I canít remember how long itís been since I called in sick to work. The circumstances have to be pretty extreme, since I enjoy the day to day of my job. But yesterday was one of those rare occasions.
I knew I was coming down with something when I got home from work on Tuesday. I tried to nip it in the bud by going to bed ridiculously early (like 7), in the hopes that Iíd sleep off what was ailing me. But it was to no avail: I woke up on Wednesday feeling twice as crappy.
Through the congestion and throbbing sinus pressure, I somehow managed to dial the phone to call Jeff and plead his forgiveness. Iím not sure how he managed to translate my admittedly garbled message, but given the fact that I still have a job today, I guess he did.
After leaving said message, I dipped into the store of decongestants which I Ė chronic allergy sufferer that I am Ė keep handy, and promptly went back to sleep.
My sickness-addled brain, aided by the dose of pseudoephedrine, went through a somersault of bizarre dreams and half-dreams until it settled on one pulled from the far reaches of my memory.
It was the ghost of a sick day past, circa sixth grade. In those days, strep throat and I had something of an ongoing relationship. Iíd come down with it like clockwork once a year.
Oh, it would try to sneak up on me. The fever would come first, while the sore throat waited in the wings for the perfect time to strike. And when it did, Iíd usually be out of school for a solid week.
And what a week it would be. My mom always took such good care of me. Iíd get to sleep on the couch, and sheíd bring me tea and toast, or scrambled eggs. Sheíd also make sure I took my medicine on time, keep me well hydrated, monitor my temperature, replenish my tissue supply as needed and all that good stuff.
My job would be to nap. The rest of the time, Iíd either read or watch movies. If I hadnít actually been horribly ill through the whole thing, I might even have enjoyed it.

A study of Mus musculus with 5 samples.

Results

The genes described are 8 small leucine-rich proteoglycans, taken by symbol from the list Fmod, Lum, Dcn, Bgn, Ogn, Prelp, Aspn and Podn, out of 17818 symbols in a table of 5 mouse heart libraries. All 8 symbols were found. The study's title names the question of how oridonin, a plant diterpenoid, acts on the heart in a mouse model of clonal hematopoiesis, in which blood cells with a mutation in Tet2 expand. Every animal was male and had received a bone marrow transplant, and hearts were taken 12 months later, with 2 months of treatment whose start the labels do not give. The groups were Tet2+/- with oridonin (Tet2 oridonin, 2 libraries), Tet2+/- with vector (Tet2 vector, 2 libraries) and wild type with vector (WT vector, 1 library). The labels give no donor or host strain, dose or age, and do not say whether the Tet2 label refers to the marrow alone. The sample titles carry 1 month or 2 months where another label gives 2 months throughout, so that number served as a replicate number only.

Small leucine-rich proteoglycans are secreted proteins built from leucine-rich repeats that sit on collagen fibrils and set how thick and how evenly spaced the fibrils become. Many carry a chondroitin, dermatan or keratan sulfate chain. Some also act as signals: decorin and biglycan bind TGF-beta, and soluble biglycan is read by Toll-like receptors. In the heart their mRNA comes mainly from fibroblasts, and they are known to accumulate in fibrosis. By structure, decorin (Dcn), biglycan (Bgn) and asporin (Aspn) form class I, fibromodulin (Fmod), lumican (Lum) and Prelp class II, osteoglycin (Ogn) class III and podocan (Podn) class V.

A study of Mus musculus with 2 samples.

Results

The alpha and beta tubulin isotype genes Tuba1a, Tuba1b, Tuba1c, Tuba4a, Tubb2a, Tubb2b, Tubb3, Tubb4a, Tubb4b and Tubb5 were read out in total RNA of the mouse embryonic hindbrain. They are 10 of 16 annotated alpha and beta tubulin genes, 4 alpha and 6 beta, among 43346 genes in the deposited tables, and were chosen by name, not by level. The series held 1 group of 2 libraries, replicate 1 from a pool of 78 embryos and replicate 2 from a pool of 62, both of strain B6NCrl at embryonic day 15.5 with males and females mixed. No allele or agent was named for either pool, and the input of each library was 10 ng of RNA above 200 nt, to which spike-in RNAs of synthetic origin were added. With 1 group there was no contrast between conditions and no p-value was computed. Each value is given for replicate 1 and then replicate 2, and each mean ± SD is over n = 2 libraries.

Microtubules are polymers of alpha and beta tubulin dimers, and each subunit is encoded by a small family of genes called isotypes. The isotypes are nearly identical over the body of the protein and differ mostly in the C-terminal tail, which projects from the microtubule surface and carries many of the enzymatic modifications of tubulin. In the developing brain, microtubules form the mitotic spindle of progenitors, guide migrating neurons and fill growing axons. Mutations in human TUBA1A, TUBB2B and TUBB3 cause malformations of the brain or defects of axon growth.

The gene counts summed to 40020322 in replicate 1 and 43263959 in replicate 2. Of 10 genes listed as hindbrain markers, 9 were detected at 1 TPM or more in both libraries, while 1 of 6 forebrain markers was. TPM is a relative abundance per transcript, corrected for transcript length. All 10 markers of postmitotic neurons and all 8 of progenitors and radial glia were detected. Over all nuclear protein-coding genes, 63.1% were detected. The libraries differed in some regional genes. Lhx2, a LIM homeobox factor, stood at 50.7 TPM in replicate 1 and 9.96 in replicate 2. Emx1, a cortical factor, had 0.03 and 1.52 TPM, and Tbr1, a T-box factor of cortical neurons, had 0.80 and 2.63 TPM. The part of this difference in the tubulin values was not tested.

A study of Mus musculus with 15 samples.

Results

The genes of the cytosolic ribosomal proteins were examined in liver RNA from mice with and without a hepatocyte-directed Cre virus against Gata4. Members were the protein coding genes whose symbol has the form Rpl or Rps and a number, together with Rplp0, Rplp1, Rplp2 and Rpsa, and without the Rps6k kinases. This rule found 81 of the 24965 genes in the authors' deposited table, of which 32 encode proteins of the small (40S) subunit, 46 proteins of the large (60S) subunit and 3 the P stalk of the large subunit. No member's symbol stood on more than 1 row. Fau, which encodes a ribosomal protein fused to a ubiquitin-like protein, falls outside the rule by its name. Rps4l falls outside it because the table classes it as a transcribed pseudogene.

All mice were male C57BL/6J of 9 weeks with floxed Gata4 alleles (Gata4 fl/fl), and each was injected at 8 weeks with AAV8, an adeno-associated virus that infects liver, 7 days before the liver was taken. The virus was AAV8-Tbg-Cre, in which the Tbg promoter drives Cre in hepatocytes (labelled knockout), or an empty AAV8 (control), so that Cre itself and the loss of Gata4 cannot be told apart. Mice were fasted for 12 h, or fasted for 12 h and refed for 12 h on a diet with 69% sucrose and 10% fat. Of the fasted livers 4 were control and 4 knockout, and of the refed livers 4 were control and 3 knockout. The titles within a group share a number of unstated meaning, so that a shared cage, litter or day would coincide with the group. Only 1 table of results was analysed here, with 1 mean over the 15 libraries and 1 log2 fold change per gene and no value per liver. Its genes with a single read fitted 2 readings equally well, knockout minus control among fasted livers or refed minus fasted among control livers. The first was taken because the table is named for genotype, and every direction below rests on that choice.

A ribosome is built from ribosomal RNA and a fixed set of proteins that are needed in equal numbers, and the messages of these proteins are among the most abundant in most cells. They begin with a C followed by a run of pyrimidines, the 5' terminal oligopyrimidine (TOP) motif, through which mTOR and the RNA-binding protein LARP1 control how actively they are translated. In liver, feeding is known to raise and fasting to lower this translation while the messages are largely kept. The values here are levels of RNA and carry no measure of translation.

But ďenjoyĒ really isnít in the cards when youíre spiking a fever, your throat is so sore you can barely swallow, your whole body hurts from coughing and your head feels like it weighs roughly the equivalent of a baby elephant. A feverish, baby elephant, balanced precariously on your scrawny, aching little neck like it was one of those circus balls.
I donít know about you, but thatís not my definition of a good time.
And we havenít even gotten to the really gross stuff, like the vomiting. Or the phlegm.
But those were still the good old days compared to being sick when you are an adult. Youíre still stuck with all the sniffling, sneezing, aching part of being sick Ė usually with a host of other unseemly, misery-inducing symptoms. But we donít have the luxury of taking a whole week off to recuperate. Nor is Mom there to cater to our every whim.
No, youíre left to deal with the hacking, the puking and the fever-induced hot flashes all on your own.
Youíre stuck with all of the decisions that go along with being sick. Like deciding whether to suffer through another day slumped at your desk and risk infecting the whole office, or tap into your precious sick time. And there is the quandary over whether over-the-counter remedies are enough to knock whatever it is out of your system, or if it is serious enough to warrant coughing up the co-pay and taking advantage of that high priced health insurance you pay into with each pay check. Assuming you can wangle a same-day appointment with your primary care, that is.
Well, assuming you have a primary care physician.
Whereís the school nurse when you need her? She was always so good at making those calls.
And then there is the insult to injury part.
A sick day when you are a kid meant you are absolved of all duties and responsibilities during that day. Not so when you are an adult. Youíre not only saddled with making your own toast and tea and scrambling your own eggs, but in all likelihood there will be a chore or two youíll also get stuck with. For me, it was laundry.
And work has a way of rearing its head as well. I was doomed from the start yesterday, knowing as I did that there was a board of education meeting with my name on it. There was also a message from a friend about a snowmobile accident to pass along, and a column to write. (Ahem.) And overshadowing it all was the knowledge that when I did return to work, Iíd have to deal with all of the other tasks Iíd put off for a day.
But despite all that, the sick day seems to have done the trick. Iím feeling a whole heck of a lot better today. With the exception of my splitting headache, which came on with renewed force during the school board meeting. But thatís really par for the course, unfortunately.
(I stuck it out for about 2 1/2 hours, but left when I thought I was starting to hallucinate. I could have sworn I heard one school board member suggest the district actually increase expenditures on athletics during the current budget crisis. No one can be that obtuse, can they?)
And now, as everyone else in the county enjoys a snow day, Iím back in front of my computer. Attempting to turn my still-slightly-muddled attention to everything I missed during my mini-absence.